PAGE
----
Nutritional Supplements for Age-Related Macular Degeneration: A Systematic Review [Internet]

Evidence-based Synthesis Program - Department of Veterans Affairs (US)

Version: January 2012

RESULTS

We reviewed 4,335 titles and abstracts from the electronic search, and identified 22 additional references through manual searching of reference lists or from input from technical advisors.

EXECUTIVE SUMMARY

Age-related macular degeneration (AMD) is the leading cause of irreversible vision loss in the developed world. In 2004, AMD affected 1.75 million persons in the United States, a number that is expected to rise to nearly 3 million by 2020 due to the aging of the population.

DISCUSSION

We conducted a systematic review of the benefits and harms of nutritional supplements for treatment of AMD. We found good evidence mainly from one large RCT that supplementation with carotenoids and antioxidants decreased the risk of functional vision loss among patients with Category 3 or 4 AMD. One smaller RCT also found zinc supplementation may decrease the risk of clinically significant visual loss among patients with Category 3 or 4 AMD, but six other RCTs found no clinically significant benefit from nutritional supplements in AMD patients. The effects of carotenoids or omega-3-fatty acids alone have not been well-studied.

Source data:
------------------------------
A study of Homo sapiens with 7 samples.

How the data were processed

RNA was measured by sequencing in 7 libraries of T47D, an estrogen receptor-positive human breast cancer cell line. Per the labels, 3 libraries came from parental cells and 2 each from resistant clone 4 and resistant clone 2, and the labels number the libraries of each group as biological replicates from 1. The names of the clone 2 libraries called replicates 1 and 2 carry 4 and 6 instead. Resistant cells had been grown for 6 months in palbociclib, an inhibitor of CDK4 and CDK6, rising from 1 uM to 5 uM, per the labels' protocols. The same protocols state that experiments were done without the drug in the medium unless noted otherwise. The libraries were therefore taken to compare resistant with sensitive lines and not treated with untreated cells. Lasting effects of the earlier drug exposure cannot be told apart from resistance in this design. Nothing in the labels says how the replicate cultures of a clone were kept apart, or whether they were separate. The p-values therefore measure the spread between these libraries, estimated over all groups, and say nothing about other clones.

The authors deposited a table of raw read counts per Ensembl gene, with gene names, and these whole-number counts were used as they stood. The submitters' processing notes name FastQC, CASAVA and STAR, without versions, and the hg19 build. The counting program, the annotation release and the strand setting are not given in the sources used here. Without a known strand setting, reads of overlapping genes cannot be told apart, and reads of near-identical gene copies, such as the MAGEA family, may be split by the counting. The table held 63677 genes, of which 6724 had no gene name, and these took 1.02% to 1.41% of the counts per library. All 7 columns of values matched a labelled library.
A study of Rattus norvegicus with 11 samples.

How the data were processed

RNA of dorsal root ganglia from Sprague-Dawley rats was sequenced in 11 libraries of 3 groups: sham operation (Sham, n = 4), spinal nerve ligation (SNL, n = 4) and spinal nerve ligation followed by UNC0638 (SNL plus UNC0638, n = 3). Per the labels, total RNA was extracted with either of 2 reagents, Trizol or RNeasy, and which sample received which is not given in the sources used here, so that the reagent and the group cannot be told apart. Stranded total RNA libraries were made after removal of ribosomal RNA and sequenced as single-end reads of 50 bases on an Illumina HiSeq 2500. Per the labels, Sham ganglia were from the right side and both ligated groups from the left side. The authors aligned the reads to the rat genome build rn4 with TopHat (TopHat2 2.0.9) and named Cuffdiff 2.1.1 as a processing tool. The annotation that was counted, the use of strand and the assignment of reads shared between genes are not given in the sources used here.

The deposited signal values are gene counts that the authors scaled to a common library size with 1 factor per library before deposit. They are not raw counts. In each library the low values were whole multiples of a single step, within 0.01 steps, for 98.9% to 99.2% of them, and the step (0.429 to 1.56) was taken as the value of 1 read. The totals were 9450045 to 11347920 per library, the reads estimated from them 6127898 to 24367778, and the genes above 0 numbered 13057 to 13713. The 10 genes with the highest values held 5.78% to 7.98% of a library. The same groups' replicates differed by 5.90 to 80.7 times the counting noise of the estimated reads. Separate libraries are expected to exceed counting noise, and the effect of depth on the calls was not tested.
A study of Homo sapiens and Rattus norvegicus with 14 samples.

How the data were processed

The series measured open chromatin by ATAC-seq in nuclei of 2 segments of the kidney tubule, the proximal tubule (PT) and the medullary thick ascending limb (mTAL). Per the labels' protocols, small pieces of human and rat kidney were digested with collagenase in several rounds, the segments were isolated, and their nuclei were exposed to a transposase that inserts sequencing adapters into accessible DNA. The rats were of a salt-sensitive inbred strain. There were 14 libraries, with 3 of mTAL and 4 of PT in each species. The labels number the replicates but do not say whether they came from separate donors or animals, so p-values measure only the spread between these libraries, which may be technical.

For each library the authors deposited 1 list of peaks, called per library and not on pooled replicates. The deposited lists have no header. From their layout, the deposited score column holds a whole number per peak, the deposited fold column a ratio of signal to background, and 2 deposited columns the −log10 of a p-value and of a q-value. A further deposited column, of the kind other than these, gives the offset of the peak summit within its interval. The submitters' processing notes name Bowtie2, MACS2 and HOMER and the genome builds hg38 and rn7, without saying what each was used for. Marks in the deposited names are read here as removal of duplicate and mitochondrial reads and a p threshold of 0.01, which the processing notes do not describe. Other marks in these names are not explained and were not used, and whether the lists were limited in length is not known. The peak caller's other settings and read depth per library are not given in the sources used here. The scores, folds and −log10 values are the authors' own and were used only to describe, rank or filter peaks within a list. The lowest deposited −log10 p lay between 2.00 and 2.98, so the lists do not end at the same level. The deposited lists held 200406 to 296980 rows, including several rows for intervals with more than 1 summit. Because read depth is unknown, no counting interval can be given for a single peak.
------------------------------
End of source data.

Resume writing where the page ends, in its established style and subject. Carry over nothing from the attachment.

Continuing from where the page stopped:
INTRODUCTION

Age-related macular degeneration (AMD) is the leading cause of irreversible vision loss in the developed world. In 2004, AMD affected 1.75 million persons in the United States, a number which is expected to rise to nearly 3 million by 2020 due to the aging of the population. AMD is characterized by the appearance of involutional changes (e.g. drusen) in the structure of the central retinal pigment epithelium (RPE) leading to the loss of normal central (macular) vision. AMD can be categorized as dry (non-exudative) or wet (exudative). Dry AMD represents the great majority of AMD patients (90%) and may lead to slow visual loss over many decades, with the most severe cases developing geographic atrophy and profound loss of central vision. Dry AMD can progress to wet AMD with the development of neovascularization beneath the diseased RPE leading to hemorrhage, scarring, and the devastating loss of macular vision over a period of months.

METHODS

In patients with age-related macular degeneration, do nutritional supplements containing carotenoids, antioxidants, or omega-3 fatty acids alone or in combination prevent functional visual loss?